Holzhauer opens auto shop in Ned

Holzhauer opens auto shop in Ned – Barbara Lawlor
Nederland has an auto repair shop that specializes in Subaru, Toyota and other imported vehicles.
Nederland also has an auto repair shop that fixes American vehicles.
As of a couple weeks ago, Nederland now has an auto repair shop that works on imported vehicles, American vehicles and just about anything that has an engine,wheels and carries people and dogs.
Paul Holzhauer of Gilpin County has leased three bays in the red building across from the Nederland Fire Department and opened his door for business. This has been a dream of his for decades of working for other people. Paul’s House of Cars is a long time coming and he is happy to say he has found a home for his talents.
Born in Boulder while his parents were in school: his dad studying engineering and his mom studying nursing. When Paul was three, the family moved to Massachusetts, but in 1977, moved back to Nederland. Paul was 16 then. The family in Lafayette while building their house on County Road 68.
1974, Paul’s dad, Carl, went to work for Subaru of America, putting to use his knowledge of mechanical engineering, becoming a regional field engineer, diagnosing errors in a vehicle’s structure and prescribing changes to the factory.
After retiring and moving into their mountain home, Carl turned the lower level garage into an auto repair garage and opened shop, becoming an official business. At that time Paul was finishing up his high school years at Nederland, graduating in 1978.
He worked with his dad, both of them fixing mostly Subaru’s. Paul attended college, studying geology with the goal of becoming a USFS forest ranger. He studied forestry, chemistry, physics and psychology. By the time he left college he technically had five degrees but hadn’t gone back to take the required 101 courses.
To pay for college, he worked on cars. On summer while working as a sawyer for the forest service he was asked to become a smoke jumper and went to Fort Collins for training. At the age of 19 he could drop 300 trees a day. He would get a call of a wildfire and head to the Jefferson County Airport to fly to the site where he jumped out of the plane and parachuted to the fire.
“Once you start jumping, you learn as you go,” says Paul. “But even with a parachute, landing is like jumping off a two-story building and landing on granite.” It was Paul’s job to dig fire breaks. For the next six years he traveled the western states, putting out fires.
And then, during one spring training, he landed in the target pit and couldn’t get back up. His back was broken after a previous break and his knee was destroyed.
“I was crushed. It was back to the standby of working on cars. At this point my dad was working only on Subarus.”
After living in Nederland at various rentals and working with his dad, Paul took on a full time position with his dad’s company, Front Range Heavy Equipment. The name started as a joke when the family put out a flier saying they would work on anything and had a ’48 Allis Chalmers World War II vehicle show up.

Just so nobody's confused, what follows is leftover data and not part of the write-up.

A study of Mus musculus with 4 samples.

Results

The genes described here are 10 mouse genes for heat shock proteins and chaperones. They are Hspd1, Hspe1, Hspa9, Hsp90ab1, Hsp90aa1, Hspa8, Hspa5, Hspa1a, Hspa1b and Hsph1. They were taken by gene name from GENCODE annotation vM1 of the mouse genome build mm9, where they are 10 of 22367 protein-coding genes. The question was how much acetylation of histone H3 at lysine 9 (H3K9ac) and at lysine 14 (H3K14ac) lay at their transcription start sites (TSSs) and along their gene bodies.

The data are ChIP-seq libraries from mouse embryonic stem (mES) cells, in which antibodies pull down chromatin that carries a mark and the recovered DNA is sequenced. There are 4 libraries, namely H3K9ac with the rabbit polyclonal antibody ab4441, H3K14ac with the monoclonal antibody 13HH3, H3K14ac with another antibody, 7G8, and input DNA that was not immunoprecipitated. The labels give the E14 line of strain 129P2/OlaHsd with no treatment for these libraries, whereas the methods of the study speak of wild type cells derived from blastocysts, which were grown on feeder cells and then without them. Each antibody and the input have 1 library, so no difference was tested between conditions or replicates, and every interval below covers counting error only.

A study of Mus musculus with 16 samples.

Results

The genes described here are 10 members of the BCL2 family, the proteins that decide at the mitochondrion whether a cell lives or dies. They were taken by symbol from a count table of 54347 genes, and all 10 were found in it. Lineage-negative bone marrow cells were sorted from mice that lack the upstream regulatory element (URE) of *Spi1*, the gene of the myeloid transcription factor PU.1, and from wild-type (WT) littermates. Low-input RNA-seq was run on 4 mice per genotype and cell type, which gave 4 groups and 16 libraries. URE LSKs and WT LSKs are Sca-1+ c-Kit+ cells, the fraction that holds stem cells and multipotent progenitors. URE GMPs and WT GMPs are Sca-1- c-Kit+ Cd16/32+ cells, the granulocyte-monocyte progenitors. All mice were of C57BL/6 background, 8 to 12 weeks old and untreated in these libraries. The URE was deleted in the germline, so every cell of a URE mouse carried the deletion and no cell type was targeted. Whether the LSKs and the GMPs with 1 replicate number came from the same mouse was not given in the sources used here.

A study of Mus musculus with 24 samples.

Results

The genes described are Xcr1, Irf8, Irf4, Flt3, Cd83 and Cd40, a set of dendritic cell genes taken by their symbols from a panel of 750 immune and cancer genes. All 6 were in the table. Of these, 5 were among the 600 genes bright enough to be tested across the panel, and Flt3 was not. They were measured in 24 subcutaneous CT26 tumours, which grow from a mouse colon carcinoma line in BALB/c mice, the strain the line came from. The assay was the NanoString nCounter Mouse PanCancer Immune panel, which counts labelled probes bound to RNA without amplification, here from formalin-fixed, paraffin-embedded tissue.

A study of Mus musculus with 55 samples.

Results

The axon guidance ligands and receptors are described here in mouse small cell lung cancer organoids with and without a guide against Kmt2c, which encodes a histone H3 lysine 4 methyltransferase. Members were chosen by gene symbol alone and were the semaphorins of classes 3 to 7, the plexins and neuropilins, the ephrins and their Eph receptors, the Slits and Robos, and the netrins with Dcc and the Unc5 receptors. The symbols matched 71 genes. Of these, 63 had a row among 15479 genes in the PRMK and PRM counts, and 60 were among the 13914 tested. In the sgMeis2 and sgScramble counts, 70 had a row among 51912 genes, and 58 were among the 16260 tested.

At this point in the early ’80s, Subaru was just gaining popularity, becoming Nederland’s four wheel drive vehicle of choice, known for its worth in the snow. Paul was certified by Subaru when he was 14-years old. He says kids then learned to work on machinery at an early age. He worked with his dad just about all his life until his father retired in 1994 and moved to Aguilar.
With no place to put the business, the shop was closed and Paul went to work for Super Rupair in Boulder. After six months he realized he could already do what they were asking of him and moved on to work for Marti’s Towing Gilpin County, where he became the head mechanic in 1996.
He was still looking for that chance to open his own shop. When Marti’s closed, Paul went to Golden Gate Tire and Auto, where he worked on all vehicles. By this time he was married. He worked for HELP Towing in Rollinsville, working on the big trucks, and when the Oil Spot open in Rollinsville he went to work specializing in Subarus.
He used his physics background to learn everything about carburetors to computerized fuel injection, picking up new technology as he went along, realizing his college education was worth every penny he put it into it.
Paul then went to work for Mountain Man Automotive in Gilpin County and worked there for seven years until last October, when the building sold. Unemployed he began to take a look at his options. In February, he saw an ad for bays for rent and jumped on it.
“This was my chance,” he said. After going through the permitting process, Paul quietly went to work on February 5, working on vehicles that came to him word of mouth. He says he has a maintained a loyal following throughout his career, who moved with him as the places changed.
Last week, Paul stood in his garage looking at the Jeep, the Subaru and the Ford all in a row, saying he’ll work on anything except diesel vehicles.
“I like to see the finished product go out the door,” says Paul. “I like to see something broken run again. I will do my best to keep the cost down and I need customers.”
After 37 years of fixing local vehicles, Paul enjoys the luxury of being his own boss, saying everything he has done in life has led up to this time of being self-employed.
Paul will be open Monday through Friday 8 a.m. to 5 p.m. and on Saturdays by appointment.
He may be reached at 258-3554.


Barbara is a reporter for The Mountain-Ear.